The Sound of Music?
November 23, 2008
So I’ve been on a little vacation from creativity lately, which for me means I’ve only just finished two books and started another but am keeping an otherwise low profile, creatively. So, yeah.
It also means I have more time than usual to watch DVDs, and I’ve been on a kick of critically-reviewing a lot of concert performance DVDs I got at the bookstore where I work. They are:
Yeah Yeah Yeahs, Tell Me What Rockers to Swallow; Nine Inch Nails, And All That Could Have Been; Tori Amos (I know), Welcome to Sunny Florida; The Gossip, Live; and the Pet Shop Boys, Somewhere.
I couldn’t get through any of them except two, both of which I watched twice. Guess which! The answer may suprise you.
I’ll start with the worst and work my way up. I was a big Tori Amos fan for a minute way back when (Boys for Pele is still a brilliant album, I would argue) but oh god of god is this thing bloated and self-indulgent and showcases her in the worst way possible instead of highlighting her charisma as a performer. Some things to note: the run time is 179 minutes, the cameras are inasive and all over the place in jumpy post-MTV style, and Tori dressing and wearing makeup for a faraway crowd but being seen closeup on camera is not, let’s say, a winning combination. I only ended up watching two song performances, both of which were marred by the ADD camerawork and the presence of a live band that laid a thick veneer of Adult Alternative over everything. Sigh.
I picked up the Pet Shop Boys DVD because I am a mild fan and I mistakenly thought it was a film of their semi-legendary world tour in collaboration with Derek Jarman. Nope. Instead it’s a staid 90 minutes of the handsome but stoic Neil Tennant warbling to backing tracks while wearing what looks like pajamas while Chris Lowe, in the back, stands at a keyboard.
There is staging here, but it’s so incomprehensible that, coupled with the awkward back-of-house videography, it’s acively hard to watch. There is a single backup singer involved, and two rear-screen projections of boring parties, and a drag queen, and the whole set looks like a staircase in a minimalist hotel, and you may think that would be interesting, but it was not. It’s a Sin was still great, though.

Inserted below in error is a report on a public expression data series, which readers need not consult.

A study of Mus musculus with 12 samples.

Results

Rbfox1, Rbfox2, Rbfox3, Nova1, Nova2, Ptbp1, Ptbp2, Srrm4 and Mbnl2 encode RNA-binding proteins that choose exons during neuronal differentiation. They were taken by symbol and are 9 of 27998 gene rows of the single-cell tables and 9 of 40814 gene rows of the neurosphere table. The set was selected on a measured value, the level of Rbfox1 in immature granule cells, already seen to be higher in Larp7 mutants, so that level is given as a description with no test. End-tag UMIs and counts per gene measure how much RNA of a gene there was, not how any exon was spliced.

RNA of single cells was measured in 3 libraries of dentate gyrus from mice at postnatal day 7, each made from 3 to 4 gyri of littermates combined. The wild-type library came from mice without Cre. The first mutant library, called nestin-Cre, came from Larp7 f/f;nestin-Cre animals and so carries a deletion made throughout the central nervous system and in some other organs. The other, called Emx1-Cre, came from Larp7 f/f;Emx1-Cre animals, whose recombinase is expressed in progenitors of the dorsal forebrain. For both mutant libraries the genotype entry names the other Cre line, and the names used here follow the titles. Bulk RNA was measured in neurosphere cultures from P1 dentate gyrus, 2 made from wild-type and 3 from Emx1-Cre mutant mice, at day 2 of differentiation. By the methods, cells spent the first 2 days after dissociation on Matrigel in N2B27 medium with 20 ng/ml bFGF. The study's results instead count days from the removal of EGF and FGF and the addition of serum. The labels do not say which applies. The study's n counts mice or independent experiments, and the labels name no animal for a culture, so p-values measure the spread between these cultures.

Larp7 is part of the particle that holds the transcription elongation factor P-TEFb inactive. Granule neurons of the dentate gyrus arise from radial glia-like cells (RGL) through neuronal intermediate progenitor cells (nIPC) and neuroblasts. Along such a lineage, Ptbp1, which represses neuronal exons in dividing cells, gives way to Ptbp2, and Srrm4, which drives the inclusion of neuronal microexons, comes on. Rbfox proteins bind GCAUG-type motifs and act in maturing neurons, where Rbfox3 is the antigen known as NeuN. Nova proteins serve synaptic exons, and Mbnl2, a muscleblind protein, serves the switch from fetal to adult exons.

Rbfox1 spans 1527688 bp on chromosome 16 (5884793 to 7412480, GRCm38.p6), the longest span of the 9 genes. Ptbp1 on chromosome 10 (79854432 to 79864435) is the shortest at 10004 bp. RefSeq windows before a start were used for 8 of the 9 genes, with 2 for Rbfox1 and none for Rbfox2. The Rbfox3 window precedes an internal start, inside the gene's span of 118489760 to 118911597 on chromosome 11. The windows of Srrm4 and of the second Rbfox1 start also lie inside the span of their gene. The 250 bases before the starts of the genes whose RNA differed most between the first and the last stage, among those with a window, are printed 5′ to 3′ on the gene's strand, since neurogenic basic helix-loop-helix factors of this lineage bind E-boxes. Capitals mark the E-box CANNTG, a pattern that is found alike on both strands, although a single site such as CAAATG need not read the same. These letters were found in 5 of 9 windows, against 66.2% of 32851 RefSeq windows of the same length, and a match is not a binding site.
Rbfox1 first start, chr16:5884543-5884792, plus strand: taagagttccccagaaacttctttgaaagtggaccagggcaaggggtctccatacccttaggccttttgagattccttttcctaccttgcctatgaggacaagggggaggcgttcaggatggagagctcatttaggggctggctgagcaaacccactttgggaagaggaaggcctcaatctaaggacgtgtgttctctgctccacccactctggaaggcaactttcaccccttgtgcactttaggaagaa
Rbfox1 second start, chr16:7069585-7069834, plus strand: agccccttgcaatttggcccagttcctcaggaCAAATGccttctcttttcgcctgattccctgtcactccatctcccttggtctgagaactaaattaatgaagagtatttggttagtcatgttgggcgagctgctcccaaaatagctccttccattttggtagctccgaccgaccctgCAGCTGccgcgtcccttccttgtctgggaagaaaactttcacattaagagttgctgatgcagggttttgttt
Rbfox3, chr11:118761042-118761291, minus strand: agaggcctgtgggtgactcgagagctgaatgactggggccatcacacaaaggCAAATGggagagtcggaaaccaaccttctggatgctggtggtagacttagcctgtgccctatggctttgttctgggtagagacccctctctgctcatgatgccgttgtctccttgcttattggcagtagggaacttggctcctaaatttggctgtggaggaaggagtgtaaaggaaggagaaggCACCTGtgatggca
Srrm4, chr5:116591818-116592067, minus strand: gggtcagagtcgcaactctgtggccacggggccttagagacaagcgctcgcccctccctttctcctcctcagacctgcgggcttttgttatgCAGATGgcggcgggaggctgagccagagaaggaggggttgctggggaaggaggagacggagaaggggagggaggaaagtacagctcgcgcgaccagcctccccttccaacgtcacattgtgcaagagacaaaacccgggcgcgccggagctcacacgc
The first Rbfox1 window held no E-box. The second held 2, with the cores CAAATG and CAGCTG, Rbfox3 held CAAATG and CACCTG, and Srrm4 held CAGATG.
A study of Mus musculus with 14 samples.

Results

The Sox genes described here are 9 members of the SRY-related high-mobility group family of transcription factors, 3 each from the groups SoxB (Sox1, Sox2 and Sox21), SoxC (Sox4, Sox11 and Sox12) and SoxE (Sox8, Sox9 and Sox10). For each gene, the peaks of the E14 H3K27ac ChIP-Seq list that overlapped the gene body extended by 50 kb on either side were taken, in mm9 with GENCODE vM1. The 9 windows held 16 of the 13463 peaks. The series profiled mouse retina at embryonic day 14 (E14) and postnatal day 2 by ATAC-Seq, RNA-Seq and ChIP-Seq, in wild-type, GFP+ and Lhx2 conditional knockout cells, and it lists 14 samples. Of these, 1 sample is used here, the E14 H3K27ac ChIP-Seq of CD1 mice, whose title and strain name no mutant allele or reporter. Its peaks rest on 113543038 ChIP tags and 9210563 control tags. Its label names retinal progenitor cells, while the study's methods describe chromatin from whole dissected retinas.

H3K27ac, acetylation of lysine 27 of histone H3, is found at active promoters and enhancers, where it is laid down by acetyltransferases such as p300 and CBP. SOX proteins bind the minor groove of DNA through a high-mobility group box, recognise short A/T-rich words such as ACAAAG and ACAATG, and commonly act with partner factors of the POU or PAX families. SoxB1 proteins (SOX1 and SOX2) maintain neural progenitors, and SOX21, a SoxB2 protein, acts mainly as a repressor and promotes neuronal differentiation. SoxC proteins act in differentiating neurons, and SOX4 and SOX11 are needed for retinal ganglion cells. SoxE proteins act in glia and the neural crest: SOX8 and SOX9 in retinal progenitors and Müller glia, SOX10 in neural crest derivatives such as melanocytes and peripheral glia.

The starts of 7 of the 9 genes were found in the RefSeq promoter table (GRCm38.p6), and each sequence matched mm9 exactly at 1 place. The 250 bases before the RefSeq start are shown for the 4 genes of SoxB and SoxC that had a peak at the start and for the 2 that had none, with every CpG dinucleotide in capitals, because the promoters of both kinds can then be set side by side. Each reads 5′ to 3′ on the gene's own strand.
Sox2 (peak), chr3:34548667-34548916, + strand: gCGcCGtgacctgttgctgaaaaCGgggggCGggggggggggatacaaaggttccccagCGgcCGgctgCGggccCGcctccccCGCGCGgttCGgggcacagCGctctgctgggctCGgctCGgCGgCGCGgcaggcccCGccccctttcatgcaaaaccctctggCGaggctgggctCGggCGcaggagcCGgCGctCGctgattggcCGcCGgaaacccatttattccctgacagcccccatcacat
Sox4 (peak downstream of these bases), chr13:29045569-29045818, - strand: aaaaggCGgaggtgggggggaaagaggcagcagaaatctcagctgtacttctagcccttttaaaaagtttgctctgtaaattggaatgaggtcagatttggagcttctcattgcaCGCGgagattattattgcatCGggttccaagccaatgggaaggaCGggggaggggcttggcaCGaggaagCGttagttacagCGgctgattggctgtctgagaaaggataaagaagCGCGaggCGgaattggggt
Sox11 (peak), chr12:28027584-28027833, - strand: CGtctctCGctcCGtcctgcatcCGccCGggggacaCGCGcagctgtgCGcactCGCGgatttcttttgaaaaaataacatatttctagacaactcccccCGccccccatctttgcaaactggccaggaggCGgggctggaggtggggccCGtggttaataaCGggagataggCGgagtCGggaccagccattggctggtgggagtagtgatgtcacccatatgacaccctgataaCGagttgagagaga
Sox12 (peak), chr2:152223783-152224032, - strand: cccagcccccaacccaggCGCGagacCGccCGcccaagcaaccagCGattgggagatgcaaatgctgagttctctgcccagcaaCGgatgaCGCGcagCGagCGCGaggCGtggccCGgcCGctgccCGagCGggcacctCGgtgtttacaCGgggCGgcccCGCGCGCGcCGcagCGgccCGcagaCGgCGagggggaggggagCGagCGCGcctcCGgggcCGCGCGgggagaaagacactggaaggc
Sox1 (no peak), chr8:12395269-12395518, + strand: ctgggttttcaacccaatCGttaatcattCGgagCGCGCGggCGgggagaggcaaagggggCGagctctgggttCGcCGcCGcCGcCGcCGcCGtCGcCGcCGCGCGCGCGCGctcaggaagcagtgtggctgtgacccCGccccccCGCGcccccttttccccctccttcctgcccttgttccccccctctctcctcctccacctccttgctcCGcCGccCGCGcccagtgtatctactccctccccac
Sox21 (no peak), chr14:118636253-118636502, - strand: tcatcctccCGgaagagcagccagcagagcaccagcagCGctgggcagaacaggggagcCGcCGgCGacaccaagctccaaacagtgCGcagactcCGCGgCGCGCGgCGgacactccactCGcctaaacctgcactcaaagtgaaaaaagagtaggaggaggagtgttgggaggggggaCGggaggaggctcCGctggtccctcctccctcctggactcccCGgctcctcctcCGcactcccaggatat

Then there’s the Yeah Yeah Yeahs, which had a very prom-night shoestring-budget feel and which lived or died according to how engaging Karen O was, and she ran hot and cold enough to make the whole enterprise feel listless. This, plus I could not sufficiently turn the volume up enough to sufficiently rock. And the cameras were limited to just three: one shooting crosswise down the wide stage from the wings, and two in the back of the house (one for wide shots, one for closeups). After a while it began to feel repetitive, and I’m a big fan of the YYYs.
Speaking of stage charisma: nobody has it quite like Beth Ditto. It’s hard not to watch her when she’s performing, and that quality alone makes the Gossip DVD pretty great. This is sort of a cop-out, but she just has “it”, whatever it is. She’s actively engaging and she’s always in command. She carries the film on her shoulders and the cameras play to her; for this reason, everything works.
But the best for last is, suprisingly, the NIN DVD. What doesn’t help is Trent Reznor’s advantage of having a production of at lest 10x to 20x that of the Gossip, but that plus the editing make all the difference when you’re sitting at home watching rather than there gettign shoved around by excitable music fans.
Reznor picked superdesigner David Carson to work on the stage setting and artist Bill Viola to produce the video for the middle section, so that’s also an unfair advantage: being able to work with the best. I’m not a very big fan of Bill Viola, but the thump and clatter of the music is a perfect setting for his otherwise stuffy meditations. And David Carson’s fucking David Carson.
Plus the editing is amazing. There are cameras everywhere, but they’re all (allegedly) home mini DV cameras, so what gets lost in picture quality gets made up for in dynamics. The cameras actually in the crowd are a great addition, as are the bird’s eye views because of the size of the arena. And the video segment, played on the equivalent of three enormous LED screens, is really stunning and used both to soothing and pummelling effect. (There’s a great part in the feedbacky end of “Head Like a Hole” at which the screens and all the other lights turn white and pulse rapidly on and off; it’s seizure inducing and it fits the performance perfectly.)
So I guess today’s lesson is probably this: use a lot of cameras when you shoot your live show, and hire a great editor. Also, having tens of thousands to spill on a stage lighting rig is also beneficial. Otherwise you’re going to have to rely on your charm.
Here, a bonus YYY video not meant for the easily-offended. It won’t embed so you’ll have to jump over to Youtube.